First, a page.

Internet reacts to a startup founder's picture of a meeting while getting a haircut in a salon.
Replace startup founder with Narayan Murthy, and the picture with the statement of a 70-hour work week - multiply the outrage by a million times - and there we have the scenario that was all over social media a few weeks ago.
But what is so wrong with a 70-hour work week, or as we like to call it, hustle?
I come from a lower-middle-class family in Bokaro, Jharkhand. I completed my B.Tech. degree on an education loan. And I did what I had to do to bring prosperity to my family. So I hustled.
Like Dumbledore, I too prize myself on my ability to turn a phrase, and one of my favorite ones is: When you don’t have privilege, build leverage.
The truth is we are not even middle class. In fact, we are much better off and have the required resources to get even better. Millions are deprived of even those opportunities. So why should one not hustle?
Narayan Murthy did not make that statement as a stand-alone. He talked extensively about how Germany and Japan used the policy of extended work hours to rejuvenate their economies after World War 2. India has a high youth density and hence, the chance to replicate the same and become a stronger economy.
And that guy knows what he is talking about. He started an IT company back when there was no such thing as IT companies. He is a first-generation entrepreneur. His company has even stood the test of time and is as relevant today as it was back in the 1990s and 2000s. Narayan Murthy knows his shit.
When someone says you have to work hard to succeed, they do not mean that you have to work hard every single day for years. Even when I mention working till 3 AM, or coding 10 hours a day, I am talking about my Day 3247. Because I have been at it for 10 years now.
No one works 70 hours in Week 1.
Being able to hustle is a skill that takes time to develop.
I had started coding in school hardly spending an hour over it daily. Then JEE preparation overtook that time as well. During college, I would again code around 2-3 hours a day. When I participated in competitions or hackathons, I would code for hours at a stretch.
Finally when I got into a job, and I was being paid to code all day, that was when I started coding for 6-8 hours a day.
Every influencer that tells you they work 16 hours a day has forgotten their Day 1.
It’s like when you walk into a gym, look at your trainer lifting 10 kg weights, and think that you can do it as well. You can, but it will take time to build the stamina and capability.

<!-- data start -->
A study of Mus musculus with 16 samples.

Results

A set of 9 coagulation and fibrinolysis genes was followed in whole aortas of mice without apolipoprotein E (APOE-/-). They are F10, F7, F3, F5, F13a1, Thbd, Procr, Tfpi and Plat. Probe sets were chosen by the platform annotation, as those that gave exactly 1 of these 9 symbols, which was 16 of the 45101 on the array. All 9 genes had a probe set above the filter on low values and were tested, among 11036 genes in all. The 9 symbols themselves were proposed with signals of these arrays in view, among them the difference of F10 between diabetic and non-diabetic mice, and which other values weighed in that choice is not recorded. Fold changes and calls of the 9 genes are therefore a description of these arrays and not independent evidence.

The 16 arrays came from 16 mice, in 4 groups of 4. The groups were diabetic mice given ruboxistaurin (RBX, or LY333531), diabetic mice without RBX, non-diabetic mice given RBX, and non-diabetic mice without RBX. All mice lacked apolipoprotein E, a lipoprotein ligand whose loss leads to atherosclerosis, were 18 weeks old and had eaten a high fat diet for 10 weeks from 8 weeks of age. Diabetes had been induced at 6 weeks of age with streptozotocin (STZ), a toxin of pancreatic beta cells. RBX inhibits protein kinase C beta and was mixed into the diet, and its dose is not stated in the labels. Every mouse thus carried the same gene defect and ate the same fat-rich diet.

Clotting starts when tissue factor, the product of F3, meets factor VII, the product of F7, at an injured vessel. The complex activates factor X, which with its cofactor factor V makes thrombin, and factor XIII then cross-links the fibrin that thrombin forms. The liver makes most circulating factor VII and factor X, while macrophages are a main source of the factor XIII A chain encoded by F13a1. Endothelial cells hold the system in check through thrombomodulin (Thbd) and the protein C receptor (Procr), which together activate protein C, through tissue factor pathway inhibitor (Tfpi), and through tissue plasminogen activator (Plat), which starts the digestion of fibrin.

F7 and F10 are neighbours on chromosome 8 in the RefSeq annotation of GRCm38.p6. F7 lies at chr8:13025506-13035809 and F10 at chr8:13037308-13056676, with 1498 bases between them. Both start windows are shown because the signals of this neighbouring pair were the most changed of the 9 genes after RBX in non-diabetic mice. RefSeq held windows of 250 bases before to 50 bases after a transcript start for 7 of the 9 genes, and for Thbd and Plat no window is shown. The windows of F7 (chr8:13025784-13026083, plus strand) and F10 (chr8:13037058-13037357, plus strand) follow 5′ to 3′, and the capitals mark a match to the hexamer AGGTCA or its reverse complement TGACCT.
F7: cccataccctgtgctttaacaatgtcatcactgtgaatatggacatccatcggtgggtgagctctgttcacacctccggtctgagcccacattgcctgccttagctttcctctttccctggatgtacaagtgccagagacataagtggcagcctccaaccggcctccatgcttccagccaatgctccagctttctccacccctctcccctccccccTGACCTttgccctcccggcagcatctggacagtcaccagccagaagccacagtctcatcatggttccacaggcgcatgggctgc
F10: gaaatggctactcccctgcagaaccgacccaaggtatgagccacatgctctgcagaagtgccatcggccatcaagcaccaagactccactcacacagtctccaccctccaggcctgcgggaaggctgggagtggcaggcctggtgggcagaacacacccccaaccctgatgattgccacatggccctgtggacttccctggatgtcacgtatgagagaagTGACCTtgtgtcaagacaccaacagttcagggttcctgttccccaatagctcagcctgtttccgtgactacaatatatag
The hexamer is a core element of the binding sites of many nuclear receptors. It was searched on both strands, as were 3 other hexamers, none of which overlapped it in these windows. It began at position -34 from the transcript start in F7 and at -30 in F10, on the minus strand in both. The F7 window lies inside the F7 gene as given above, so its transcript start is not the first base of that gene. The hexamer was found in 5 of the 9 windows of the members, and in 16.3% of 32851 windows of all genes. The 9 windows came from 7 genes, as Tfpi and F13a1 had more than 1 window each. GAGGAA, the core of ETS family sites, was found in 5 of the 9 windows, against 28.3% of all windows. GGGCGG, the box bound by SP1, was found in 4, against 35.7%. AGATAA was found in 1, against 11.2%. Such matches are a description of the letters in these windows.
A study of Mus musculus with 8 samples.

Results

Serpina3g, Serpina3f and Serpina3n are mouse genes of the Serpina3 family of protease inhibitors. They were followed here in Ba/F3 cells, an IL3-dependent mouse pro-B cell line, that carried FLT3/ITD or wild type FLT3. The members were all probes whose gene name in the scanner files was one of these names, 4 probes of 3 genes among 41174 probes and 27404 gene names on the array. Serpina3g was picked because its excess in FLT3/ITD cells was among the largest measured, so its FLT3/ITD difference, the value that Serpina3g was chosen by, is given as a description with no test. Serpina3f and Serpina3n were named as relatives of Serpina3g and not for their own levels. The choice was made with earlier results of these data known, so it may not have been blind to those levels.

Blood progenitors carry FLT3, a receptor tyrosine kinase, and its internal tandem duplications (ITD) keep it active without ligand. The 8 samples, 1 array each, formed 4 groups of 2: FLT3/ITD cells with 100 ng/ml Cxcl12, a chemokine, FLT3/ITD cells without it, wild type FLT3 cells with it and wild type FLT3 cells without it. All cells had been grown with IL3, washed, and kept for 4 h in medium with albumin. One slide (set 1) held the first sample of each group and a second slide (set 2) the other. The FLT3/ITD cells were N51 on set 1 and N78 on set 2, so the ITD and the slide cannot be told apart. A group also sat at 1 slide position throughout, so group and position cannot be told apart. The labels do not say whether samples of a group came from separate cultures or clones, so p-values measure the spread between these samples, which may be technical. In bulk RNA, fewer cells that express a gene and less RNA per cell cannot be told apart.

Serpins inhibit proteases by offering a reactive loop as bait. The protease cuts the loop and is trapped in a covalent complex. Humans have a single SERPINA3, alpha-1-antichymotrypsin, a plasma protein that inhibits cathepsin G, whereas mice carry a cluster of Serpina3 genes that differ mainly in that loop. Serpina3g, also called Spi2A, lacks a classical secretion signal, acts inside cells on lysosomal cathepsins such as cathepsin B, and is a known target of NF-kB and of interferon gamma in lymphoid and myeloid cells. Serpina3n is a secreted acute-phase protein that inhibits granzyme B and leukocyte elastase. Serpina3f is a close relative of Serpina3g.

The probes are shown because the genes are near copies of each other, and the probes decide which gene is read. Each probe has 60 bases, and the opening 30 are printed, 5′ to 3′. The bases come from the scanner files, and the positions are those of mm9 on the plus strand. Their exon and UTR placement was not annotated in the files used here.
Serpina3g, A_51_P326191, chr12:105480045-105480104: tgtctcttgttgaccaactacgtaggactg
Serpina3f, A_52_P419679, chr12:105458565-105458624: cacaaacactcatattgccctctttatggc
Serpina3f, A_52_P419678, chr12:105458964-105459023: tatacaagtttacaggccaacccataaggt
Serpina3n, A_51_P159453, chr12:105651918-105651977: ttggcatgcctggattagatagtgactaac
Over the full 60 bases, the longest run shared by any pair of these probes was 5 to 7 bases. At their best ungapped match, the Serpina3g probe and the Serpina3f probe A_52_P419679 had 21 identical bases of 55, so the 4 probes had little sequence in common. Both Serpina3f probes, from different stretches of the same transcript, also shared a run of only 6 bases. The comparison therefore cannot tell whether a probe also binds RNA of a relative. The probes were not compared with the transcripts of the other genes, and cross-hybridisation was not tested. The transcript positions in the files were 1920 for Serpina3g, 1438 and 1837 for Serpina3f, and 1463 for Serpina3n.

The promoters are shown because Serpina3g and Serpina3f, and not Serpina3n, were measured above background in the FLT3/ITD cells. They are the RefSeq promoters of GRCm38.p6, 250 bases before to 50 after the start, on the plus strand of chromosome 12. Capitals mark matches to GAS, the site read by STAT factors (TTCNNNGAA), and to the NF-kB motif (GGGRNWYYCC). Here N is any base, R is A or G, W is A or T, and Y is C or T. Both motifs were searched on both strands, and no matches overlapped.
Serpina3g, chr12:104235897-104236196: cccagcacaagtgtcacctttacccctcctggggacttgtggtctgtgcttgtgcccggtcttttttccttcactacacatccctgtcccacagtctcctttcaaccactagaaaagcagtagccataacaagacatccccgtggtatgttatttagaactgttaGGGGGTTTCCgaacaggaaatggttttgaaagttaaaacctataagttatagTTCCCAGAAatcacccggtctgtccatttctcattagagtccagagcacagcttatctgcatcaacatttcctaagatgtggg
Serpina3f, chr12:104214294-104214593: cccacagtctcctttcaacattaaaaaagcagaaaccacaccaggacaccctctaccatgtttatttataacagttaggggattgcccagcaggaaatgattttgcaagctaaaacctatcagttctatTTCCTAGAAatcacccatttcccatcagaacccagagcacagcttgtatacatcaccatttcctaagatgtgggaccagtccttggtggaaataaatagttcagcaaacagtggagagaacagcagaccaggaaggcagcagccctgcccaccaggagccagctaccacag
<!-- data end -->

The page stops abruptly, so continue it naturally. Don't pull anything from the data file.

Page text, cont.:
Start small. Whatever you are doing - coding, financial analysis, design - start with a few minutes every day. Spend minutes, and then hours on your skill. That’s how the muscle to hustle develops over time.
You don’t have to work such long hours all the time. There will be such periods and then it would be all normal.
Every industry has such periods. Ask any CA how many hours they work during year-end or around the last date of filing taxes. Ask any Mithaiwala about the rush in their shop during Diwali. Flipkart employees sleep in their offices during Big Billion Days. It’s normal in every industry out there.
Tech and Twitter are privileged.
We are not. Hence, we need to hustle. And trust me when I say this, when you build the muscle, you will start loving it. I will go as far as to say that you will crave that high of the state of flow and satisfaction the hustle will give you.
Hustle is great and all that, but a valid question to ask now would be: Does one have to hustle all their life?
Until you reach a position in life where your financial needs can well be covered by the money you make, you should hustle.
Not just to get a job, but to grow in a job, hustle becomes equally important. I have personally witnessed people work hard to get a job, despite the difficulties in their path. And then let it all go down the drain by becoming complacent once they get a job.
We won’t do that; because we want to build a long-term career.
I strongly stand by Narayan Murthy’s statement. Those who don’t either have forgotten the time they worked 70 hours a week, or are privileged.
If you don’t have privilege, build your leverage - with hustle.
Start small, give it time, be consistent, hustle away and you will surely score big.
I have been thinking of restarting the newsletter for so long now. But something or the other would get higher priority and writing kept taking a backseat. No one is more relieved than me on finishing this issue.
I am going to try to be consistent at it again. So if you want these nuggets of my learnings and thought processes, keep me accountable by subscribing to Tanay’s letters.